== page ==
Last week, the UNC System’s Board of Governors (BOG) held a special meeting to elect its chair, vice chair and secretary to two-year terms. The current officers Randy Ramsey, Wendy Murphy and Pearl Burris-Floyd were all reelected to their respective positions, with none of them facing a challenger.
Robert Rucho, the one board member who voted against Ramsey, criticized the fact that the election was held suddenly a week before the normal meeting, which was scheduled for May 20. The unexpected change is a bit undemocratic given that Ramsey initially gained his position through another special election after former chair Harry Smith stepped down.
That outcome seems to reaffirm the BOG’s long-held strategy of keeping its actions away from the public eye. While the UNC System has done a great job reacting to the coronavirus pandemic under the board’s leadership, it has made little visible progress on a number of key issues that face our universities, including hiring a permanent system president after Margaret Spellings announced her resignation back in October 2018.
I listed a few issues, like gender-inclusive housing, in a column written after Smith’s resignation, but by far the most impactful one, then and now, is how the BOG has dealt with Silent Sam.
The confederate memorial statue was torn down in August 2018 and, since then, its future has been uncertain. Some called for the statue to be replaced, but the security costs to do so and protect the statue caused much backlash. Leaders briefly floated the idea of building a facility to house the statue in, but this also proved too expensive.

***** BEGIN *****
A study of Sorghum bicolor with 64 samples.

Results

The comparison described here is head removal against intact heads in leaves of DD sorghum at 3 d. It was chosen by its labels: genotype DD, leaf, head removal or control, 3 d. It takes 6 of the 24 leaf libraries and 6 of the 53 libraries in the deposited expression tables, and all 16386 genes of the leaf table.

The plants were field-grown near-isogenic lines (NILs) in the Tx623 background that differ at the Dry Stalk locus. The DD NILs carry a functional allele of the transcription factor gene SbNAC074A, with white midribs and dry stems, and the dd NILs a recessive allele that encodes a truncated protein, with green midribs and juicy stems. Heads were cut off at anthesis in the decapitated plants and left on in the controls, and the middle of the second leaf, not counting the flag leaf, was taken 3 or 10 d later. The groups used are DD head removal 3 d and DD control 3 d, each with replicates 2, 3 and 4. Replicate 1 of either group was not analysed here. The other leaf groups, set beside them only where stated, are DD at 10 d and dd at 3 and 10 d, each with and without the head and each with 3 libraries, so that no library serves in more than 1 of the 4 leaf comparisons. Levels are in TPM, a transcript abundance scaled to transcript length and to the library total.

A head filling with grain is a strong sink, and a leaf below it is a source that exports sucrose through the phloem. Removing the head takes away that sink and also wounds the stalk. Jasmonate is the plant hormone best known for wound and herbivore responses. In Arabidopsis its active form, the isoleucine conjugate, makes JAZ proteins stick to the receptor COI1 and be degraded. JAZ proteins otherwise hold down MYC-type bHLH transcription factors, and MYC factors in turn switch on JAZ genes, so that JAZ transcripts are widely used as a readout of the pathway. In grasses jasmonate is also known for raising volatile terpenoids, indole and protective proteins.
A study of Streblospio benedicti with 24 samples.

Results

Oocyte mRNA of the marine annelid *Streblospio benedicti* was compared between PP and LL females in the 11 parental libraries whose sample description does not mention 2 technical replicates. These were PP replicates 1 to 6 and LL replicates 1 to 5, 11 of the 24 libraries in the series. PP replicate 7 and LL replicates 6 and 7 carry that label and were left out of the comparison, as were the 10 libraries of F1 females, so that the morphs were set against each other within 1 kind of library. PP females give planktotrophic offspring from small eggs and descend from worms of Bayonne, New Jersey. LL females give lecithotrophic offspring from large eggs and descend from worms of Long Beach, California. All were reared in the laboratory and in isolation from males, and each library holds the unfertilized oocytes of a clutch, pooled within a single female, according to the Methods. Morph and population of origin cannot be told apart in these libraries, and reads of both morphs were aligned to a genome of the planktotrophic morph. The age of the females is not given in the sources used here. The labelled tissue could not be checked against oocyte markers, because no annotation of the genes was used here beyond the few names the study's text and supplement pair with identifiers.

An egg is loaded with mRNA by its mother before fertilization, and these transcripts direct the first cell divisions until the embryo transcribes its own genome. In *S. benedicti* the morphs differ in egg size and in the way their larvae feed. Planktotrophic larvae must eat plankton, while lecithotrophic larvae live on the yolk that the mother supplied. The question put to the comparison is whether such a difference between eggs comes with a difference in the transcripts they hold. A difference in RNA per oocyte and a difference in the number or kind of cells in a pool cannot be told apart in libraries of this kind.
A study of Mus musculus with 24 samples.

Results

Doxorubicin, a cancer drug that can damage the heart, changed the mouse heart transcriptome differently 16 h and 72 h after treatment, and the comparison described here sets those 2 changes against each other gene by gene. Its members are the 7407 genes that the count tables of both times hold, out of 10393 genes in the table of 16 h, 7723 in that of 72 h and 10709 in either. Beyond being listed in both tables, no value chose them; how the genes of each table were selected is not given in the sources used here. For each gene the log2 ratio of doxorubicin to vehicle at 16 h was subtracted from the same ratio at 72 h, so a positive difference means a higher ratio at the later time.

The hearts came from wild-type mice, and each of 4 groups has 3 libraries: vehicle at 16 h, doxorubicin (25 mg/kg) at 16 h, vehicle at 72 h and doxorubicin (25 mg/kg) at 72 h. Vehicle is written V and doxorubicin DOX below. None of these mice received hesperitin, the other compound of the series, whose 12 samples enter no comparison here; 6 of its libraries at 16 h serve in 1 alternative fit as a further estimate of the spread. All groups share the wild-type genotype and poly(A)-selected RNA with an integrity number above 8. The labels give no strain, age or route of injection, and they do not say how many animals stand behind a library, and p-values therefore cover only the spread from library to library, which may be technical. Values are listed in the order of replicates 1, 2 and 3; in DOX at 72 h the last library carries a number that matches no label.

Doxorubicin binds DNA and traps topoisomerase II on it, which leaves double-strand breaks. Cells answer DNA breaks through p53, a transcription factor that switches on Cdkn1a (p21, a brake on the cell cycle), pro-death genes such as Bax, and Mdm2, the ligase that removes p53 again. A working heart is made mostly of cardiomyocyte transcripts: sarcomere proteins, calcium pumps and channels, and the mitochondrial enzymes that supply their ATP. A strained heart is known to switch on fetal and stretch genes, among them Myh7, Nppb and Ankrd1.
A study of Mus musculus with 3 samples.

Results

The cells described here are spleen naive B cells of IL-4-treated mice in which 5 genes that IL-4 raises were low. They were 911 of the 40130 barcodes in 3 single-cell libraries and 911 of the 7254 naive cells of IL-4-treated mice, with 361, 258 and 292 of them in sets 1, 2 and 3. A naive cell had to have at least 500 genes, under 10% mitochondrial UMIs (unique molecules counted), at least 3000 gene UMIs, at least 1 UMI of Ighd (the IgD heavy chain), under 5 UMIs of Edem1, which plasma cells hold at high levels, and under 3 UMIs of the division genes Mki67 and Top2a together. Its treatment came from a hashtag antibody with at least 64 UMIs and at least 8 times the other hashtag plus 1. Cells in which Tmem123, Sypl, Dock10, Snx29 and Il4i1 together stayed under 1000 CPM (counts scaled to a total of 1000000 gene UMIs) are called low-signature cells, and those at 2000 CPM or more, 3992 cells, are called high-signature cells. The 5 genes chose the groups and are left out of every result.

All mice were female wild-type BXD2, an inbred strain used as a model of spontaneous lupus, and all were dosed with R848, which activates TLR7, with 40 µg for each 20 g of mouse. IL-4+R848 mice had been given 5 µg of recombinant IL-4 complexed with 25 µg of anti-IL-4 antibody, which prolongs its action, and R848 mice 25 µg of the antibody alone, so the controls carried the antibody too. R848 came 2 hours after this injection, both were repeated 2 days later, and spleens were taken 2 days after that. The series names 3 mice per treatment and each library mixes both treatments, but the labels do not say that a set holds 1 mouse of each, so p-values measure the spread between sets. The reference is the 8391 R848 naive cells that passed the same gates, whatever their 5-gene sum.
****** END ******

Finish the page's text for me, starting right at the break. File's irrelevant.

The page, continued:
Last year, under Ramsey’s tenure, the UNC System announced a settlement with the Sons of Confederate Veterans, under which the group would gain control of the statue and a trust fund of $2.5 million. Technician’s editorial board strongly criticized the secrecy with which that deal was negotiated, as the BOG intentionally attempted to hide the discussions from public view. The North Carolina Superior Court later struck down the arrangement, leaving the statue in limbo once again.
Ramsey did not create the Silent Sam issue, and he certainly has not been aided by the COVID-19 outbreak, but the BOG has failed under his tenure to resolve its most pressing challenges or even make much forward progress. Worse than this, however, is the lack of transparency which the board consistently suffers.
In addition to the issues with the recent election and Silent Sam, the BOG was slow to decide to refund students some of their housing and dining fees, not announcing their choice until the end of March, a few weeks after they announced campuses closing. While that may not seem too long, President Trump had already signed the stimulus bill into law a few days prior, meaning this state board acted slower than the infamously slow lawmaking process of the federal government. Throughout that time, students had no indication of how likely it was that they would see that money again.
The BOG has a long way to go in changing its policies to better accommodate the diverse student body it’s supposed to represent. But short of fulfilling a potentially challenging wish list of policy changes, it should at least respect students enough to give them notice of the actions it takes on their behalf. Now it is up to Ramsey and the reelected BOG team to pursue more inclusivity and transparency, or remain stagnant in their policies.